As part of the Birmingham Energy Savers (BES) initiative, Grant Solar PV (photovoltaic) Systems have been installed to a number of Family Housing Association homes in Carlisle Street.
Birmingham Energy Savers (formerly the New Green Deal) has many objectives but primarily seeks to create local employment opportunities around the low carbon, energy efficient retrofitting of Birmingham households and small businesses. The installation of photovoltaic (PV) solar modules not only meets these objectives, but also plays an important role in reducing fuel poverty for vulnerable families and residents alike.
MCS accredited installers, New World Solar, fitted a Grant Solar PV (Photovoltaic) on-roof system comprising 12 x 180W modules to each property. This will provide approximately 1,870kWh of energy per annum, which for the average householder equates to a £150 bill reduction and a significant reduction in CO2 emissions per year. Used in conjunction with a Grant 2kW inverter (which converts the DC current into useable AC current) the PV modules rely on daylight, rather than radiation, to generate power.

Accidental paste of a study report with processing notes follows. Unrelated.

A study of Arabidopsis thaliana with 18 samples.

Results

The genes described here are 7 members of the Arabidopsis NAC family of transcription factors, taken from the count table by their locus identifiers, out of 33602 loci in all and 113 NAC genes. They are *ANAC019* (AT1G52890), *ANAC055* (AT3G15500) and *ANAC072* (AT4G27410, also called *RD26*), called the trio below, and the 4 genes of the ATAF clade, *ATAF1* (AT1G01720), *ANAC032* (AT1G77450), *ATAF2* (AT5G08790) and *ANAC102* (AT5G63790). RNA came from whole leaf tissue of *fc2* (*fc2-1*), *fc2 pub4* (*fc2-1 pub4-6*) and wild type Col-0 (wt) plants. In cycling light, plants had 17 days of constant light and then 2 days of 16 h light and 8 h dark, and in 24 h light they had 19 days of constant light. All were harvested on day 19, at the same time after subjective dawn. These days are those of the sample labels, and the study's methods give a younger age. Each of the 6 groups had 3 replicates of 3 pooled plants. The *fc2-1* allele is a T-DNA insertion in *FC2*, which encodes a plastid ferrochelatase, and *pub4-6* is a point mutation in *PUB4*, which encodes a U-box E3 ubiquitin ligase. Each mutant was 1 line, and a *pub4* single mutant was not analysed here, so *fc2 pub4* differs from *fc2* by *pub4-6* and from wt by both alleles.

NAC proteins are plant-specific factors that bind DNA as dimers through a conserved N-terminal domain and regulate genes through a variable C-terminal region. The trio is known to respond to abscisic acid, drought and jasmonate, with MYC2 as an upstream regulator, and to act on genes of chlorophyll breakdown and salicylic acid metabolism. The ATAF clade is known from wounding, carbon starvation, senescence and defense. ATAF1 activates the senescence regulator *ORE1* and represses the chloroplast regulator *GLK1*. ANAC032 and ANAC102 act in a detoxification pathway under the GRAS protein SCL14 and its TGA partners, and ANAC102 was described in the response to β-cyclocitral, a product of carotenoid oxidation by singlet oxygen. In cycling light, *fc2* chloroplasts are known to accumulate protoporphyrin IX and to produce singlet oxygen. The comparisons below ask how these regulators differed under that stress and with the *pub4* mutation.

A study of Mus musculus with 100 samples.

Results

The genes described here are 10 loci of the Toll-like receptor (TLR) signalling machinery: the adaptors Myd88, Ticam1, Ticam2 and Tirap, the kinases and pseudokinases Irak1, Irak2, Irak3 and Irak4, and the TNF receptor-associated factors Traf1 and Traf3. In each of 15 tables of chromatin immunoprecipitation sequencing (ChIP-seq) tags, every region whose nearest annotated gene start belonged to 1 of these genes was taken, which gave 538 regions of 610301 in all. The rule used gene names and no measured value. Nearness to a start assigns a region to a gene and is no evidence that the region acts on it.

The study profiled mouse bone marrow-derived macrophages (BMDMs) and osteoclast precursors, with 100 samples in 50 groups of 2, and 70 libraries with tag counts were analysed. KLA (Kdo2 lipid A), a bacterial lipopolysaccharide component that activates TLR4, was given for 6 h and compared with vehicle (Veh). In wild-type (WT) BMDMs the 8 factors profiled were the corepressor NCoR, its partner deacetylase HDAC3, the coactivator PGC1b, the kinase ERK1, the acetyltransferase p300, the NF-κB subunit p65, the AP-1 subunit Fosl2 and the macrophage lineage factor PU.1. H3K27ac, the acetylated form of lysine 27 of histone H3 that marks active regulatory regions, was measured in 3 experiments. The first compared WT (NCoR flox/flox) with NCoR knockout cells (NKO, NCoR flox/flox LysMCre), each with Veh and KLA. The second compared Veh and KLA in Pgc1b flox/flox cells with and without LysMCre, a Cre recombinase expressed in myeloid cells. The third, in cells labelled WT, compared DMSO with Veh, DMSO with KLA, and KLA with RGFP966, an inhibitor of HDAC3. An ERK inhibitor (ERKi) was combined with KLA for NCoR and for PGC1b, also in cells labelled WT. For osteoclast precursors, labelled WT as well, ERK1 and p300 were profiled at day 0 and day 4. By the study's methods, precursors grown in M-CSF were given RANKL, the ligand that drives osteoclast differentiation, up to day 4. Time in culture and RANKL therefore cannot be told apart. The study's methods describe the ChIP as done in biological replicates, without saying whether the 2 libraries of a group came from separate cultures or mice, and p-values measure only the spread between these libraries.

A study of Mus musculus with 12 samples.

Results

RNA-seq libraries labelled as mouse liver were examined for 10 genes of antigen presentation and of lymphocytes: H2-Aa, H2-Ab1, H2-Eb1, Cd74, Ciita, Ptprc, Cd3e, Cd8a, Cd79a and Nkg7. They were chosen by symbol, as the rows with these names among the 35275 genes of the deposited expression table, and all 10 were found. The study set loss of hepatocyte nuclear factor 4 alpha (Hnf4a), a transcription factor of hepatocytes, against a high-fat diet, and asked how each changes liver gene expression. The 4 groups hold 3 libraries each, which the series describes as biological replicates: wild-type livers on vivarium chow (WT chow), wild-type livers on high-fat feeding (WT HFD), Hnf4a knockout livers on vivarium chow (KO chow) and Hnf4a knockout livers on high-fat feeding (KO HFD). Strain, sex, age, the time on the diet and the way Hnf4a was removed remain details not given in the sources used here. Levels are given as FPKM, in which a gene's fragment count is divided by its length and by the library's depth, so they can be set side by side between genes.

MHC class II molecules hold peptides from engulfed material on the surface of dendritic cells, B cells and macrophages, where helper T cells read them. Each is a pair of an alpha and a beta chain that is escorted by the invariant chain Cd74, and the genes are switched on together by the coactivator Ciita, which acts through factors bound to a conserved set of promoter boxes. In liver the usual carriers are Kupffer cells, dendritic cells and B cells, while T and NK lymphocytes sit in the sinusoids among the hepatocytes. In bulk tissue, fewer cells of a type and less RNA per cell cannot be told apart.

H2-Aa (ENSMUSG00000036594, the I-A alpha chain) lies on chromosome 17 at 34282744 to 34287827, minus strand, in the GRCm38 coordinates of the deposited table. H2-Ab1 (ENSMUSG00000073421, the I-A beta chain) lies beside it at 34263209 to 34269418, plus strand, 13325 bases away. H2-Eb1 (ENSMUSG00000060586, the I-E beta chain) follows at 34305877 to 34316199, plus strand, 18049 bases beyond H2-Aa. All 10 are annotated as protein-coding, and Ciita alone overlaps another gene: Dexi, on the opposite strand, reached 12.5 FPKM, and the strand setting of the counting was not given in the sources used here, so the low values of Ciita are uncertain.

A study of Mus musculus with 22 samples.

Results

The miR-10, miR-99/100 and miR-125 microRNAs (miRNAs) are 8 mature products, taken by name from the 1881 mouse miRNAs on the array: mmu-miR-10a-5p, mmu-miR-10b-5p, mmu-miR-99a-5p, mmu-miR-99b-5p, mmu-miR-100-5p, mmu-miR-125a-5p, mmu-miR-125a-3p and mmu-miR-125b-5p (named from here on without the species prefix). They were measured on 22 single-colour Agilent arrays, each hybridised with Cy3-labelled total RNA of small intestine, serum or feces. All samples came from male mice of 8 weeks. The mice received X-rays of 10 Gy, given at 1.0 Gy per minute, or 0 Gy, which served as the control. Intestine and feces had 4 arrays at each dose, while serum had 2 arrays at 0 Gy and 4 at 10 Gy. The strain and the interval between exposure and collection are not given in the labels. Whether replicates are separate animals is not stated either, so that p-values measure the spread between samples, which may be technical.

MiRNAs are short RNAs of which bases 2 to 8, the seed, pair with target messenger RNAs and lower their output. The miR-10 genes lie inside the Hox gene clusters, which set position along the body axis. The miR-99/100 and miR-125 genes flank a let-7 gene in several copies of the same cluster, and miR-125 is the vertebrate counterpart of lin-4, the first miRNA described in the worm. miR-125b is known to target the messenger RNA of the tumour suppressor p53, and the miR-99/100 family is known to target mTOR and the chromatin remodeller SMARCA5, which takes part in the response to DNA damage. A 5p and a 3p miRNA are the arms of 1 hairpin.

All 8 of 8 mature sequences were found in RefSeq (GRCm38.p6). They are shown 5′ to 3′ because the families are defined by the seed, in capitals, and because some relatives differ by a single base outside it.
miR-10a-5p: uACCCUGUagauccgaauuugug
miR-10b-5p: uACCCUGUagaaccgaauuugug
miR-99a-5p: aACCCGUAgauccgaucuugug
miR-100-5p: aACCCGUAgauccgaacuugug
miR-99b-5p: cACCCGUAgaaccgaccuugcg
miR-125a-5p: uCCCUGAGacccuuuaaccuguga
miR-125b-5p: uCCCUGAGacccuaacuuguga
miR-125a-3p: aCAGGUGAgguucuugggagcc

The Grant Solar PV on-roof system has many unique features which include the flexibility to install the solar modules in a portrait or landscape arrangement. The system is also arbitrarily expandable should energy requirements increase. The Grant 2kW inverter is equipped with independent MPPT channels (twin trackers) which enables PV module strings with different characteristics to maximise the systems yield whilst maintaining high conversion efficiency. Grant Inverters have a 10-year guarantee, are available in 4 sizes, and are suitable for both indoor and outdoor installations.
Birmingham Energy Savers is one of the Country’s first large scale projects to take advantage of the Government’s ‘Feed-in Tariff’ (FIT) Scheme for microgeneration. Through the ‘Feed-in Tariff’ scheme a payment of 41.3 pence per kWh for all electricity generated is guaranteed for 25 years, as well as a separate payment for the electricity exported to the National Grid. Birmingham Energy Savers aims to upgrade the energy efficiency of 15,000 homes in Birmingham; the first part of the scheme involves installing solar photovoltaic (PV) panels to over 2,000 council homes at a cost of £13 million. Launched initially as a pilot project in Aston, Lozells, Newtown and Northfield, the scheme is self-financing as the cost of installation will be met by income from the ‘Feed-in Tariff’.